Riding in Style
Wuwei Travel Blog› entry 6 of 24 › view all entries
This is the first of a series of posts about my trip to Xinjiang.
I always sleep best on a train in the morning, after everyone else is awake. I'm not sure, but I guess it's just because that's when the snooring stops.
Today, I eventually woke up at 10:00 and lay in my bunk for a while listening to the father in my compartment reading an English article aloud while his young daughter studied. "The crisis we face was fomented by the irrational actions of blue-eyed white-skinned people." Yikes! That made me want to keep my blue-eyes shut and asleep. I felt discouraged, thinking he was helping his daughter with such a racially charged school assignment. Around noon, I finally stopped listening to mp3s and pretending to sleep and climbed down from my bunk to eat noodles and chat.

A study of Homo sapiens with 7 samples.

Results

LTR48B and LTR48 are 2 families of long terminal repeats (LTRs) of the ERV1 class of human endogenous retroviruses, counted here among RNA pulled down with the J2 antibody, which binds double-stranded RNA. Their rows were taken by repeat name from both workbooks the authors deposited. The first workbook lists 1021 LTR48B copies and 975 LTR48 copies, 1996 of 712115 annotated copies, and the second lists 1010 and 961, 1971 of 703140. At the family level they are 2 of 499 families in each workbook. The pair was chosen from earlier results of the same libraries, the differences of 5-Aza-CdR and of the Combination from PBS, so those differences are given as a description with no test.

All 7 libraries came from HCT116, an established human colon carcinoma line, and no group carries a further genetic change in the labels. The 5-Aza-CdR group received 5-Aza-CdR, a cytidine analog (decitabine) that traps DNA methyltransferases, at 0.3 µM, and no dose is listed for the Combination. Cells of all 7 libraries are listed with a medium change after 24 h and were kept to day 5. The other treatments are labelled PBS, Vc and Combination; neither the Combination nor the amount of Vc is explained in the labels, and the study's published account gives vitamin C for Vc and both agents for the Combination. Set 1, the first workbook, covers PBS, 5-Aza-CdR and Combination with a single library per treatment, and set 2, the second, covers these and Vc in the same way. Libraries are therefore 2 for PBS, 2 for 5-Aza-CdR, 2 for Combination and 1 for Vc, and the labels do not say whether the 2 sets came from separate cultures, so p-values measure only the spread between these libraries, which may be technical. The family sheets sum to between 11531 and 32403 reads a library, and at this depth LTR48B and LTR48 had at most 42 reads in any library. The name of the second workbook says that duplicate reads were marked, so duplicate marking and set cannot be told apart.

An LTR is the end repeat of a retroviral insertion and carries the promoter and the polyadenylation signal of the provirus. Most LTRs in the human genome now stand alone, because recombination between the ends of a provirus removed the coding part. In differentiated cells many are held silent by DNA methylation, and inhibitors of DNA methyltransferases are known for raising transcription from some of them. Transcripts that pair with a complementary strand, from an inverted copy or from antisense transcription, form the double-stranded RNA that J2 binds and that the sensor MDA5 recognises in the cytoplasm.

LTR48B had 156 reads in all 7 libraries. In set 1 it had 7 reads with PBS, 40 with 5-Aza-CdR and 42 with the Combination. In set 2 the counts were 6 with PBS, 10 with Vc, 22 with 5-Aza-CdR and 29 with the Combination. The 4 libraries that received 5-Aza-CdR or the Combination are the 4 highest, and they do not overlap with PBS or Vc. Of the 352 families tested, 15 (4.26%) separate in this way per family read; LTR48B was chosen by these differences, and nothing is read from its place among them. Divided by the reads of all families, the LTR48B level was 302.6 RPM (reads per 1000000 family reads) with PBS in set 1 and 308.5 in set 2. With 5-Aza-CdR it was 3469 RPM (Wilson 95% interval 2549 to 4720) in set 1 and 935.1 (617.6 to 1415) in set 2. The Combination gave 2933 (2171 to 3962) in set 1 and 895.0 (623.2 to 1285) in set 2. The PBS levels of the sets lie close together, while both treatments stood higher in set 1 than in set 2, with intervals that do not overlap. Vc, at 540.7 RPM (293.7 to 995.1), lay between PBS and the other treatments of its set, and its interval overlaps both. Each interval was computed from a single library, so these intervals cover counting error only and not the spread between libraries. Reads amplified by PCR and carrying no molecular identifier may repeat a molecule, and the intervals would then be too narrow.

We chatted for a while, and I found out that the father and daughter were going to visit the father's deceased father who used to be a pilot in the Chinese airforce. When we arrived at Wuwei, the grandfather's resting place, they said their goodbye's and left...
This left me in a completely new situation: the prospect of a cabin entirely to myself. I was really pleased, but got nervous every time the train made a stop after that, fearing that a new passanger (a snooring one) would join me. Luckily, none did. Unfortunately, it turns out that snooring is not the only thing that keeps me awake on a sleeper train. The difficulty of turning over in a narrow space the squeaking of the cabin trim are also contributing factors. Listening to an mp3 player all night solves one of the problems. Still not sure how to take care of the other. I'll have time to figure out in 2 days when I get on the next train from Turpan to Kashgar.